Commentary: New leaders spearhead new ideas
( 2003-08-05 09:48) (China Daily)
Though not long in office, the country's new leaders have won the public's trust with their courage and wisdom displayed under the threat of SARS, their sympathy and care for the disadvantaged, and their fine performances in international affairs.
At the State Council's first executive meeting presided over by Premier Wen Jiabao on March 19, two days after his election, a set of working codes for the cabinet were worked out. The priorities were on scientific and democratic decision-making, administration by law and enhancing supervision on government work.
The new administration should strive to make breakthroughs in the three aspects, Wen appealed to his colleagues.
Important decisions should be made collectively on the basis of thorough investigations, feasibility studies and soliciting opinions from all walks of life.
In making decisions concerning the nation's economic and social development, according to the premier, cross-departmental and cross-subject hearings should be conducted and the government should make better use of experts and research institutes.
Furthermore, an accountability system should be put in place. Those who violate the decision-making procedures and cause major losses should be held directly responsible for their mistakes.
The new cabinet, losing no time, sent a clear message that they are determined to make bigger strides in the direction of democracy, something their predecessors had discussed at length.
And they mean it. The new government has been acting faithfully in line with that very notion.
Premier Wen has displayed an impressive willingness to listen to the opinions of experts.
On April 9 and 10, he solicited opinions from economists on national economic development.
On April 11, Wen invited non-Communist party members and listened attentively to their thoughts on SARS prevention and the economic situation.
On June 17 and 24, he discussed with health and economic experts about how to achieve a balanced economic and social development, and how to improve the public health system.
Consultation with non-Communist parties, said Wen, is an important part of the government's scientific and democratic decision-making mechanism, and a guarantee for the success of the government's work.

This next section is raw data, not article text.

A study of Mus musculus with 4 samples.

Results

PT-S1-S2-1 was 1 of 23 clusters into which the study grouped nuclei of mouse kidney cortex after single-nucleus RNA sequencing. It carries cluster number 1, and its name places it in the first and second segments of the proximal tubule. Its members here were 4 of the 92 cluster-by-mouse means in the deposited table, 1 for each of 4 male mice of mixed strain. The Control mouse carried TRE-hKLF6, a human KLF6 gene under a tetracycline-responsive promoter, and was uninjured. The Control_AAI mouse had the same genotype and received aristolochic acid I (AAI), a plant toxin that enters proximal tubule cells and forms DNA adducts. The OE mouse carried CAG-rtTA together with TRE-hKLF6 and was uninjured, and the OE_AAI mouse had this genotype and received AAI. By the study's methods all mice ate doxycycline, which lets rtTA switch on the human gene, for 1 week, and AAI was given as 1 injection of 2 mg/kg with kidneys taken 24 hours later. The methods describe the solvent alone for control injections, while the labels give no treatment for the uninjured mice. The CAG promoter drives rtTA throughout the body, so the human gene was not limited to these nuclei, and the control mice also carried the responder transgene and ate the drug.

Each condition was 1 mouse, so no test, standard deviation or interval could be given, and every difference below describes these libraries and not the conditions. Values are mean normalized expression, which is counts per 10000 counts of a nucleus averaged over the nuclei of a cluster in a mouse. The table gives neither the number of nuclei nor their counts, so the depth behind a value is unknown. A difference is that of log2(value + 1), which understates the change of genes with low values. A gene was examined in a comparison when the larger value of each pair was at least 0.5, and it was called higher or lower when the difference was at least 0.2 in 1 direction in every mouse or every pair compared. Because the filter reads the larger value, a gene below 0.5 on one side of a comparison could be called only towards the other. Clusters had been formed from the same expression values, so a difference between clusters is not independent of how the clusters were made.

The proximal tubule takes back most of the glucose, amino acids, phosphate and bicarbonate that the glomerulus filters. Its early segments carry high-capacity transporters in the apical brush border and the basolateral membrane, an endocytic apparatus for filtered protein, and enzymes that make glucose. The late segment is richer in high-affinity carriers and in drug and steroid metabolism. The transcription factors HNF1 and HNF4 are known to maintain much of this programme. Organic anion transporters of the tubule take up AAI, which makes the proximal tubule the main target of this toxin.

At the meeting, Wen said that the government was about to periodically brief non-Communist parties on key issues, and such briefings should be set as a fixed procedure.
He encouraged them to supervise and not hesitate to criticize the government's work, and pledged smooth channels for opinion expression.
More than behaving in accordance with the procedure themselves, the central government, using every possible occasion, emphasized the vital importance of the mechanism and strived to cultivate that sense to decision-makers at various levels.
At a working conference on May 26 to map out strategies for sustainable development of oil and gas, Wen told participants that strategies that will have dramatic impacts on the nation must undergo strict feasibility studies, widely solicit opinions, and use a democratic procedure.
He made similar remarks when speaking on the country's mid- and long-term strategies for science and technology.
There are plenty of signs of the new government's strong desire to break from outdated style and blaze new trails in democratization.
The appeal for mechanisms of scientific and democratic decision-making was given a heavy stroke in the political report of the 16th National Congress of the Communist Party of China (CPC), held in November last year.
"We will improve the mechanism by which decision-makers will go deep among the people and get to know how they are faring, reflect their will, pool their resources and value their wisdom, putting decision-making on a more scientific and democratic basis" and "prevent arbitrary decision-making," according to the report.
The new Political Bureau of the CPC Central Committee, which emerged at the Party's national congress, has thus far held five collective study sessions with economic, social, political and military experts to brief the Party's leading body on the latest developments in those fields.
Such frequent consultations were rare, if not unprecedented, at that level.
Exposure to new knowledge and conditions contributes greatly to avoid making decisions blindly and without context.
The national leadership's readiness to learn boosts our confidence in their talks about "political civilization."
The new leadership's embrace of a scientific and democratic decision-making system displays great vision. The value of such a system is unmeasurable in terms of how it helps to ensure that this colossal ship of a country remains on its proper course.
Their move is of special significance when considering the serious mistakes committed when one man's will dominated in decision-making. Scars left from such willful moves - the "great leap forward" in the 1950s and the "cultural revolution" during 1966-76 - have not been removed completely even today.
We cheer the initiatives by the new leadership. However rocky the road ahead may be in the promotion of such a system, we have embarked on the journey with a step in the right direction.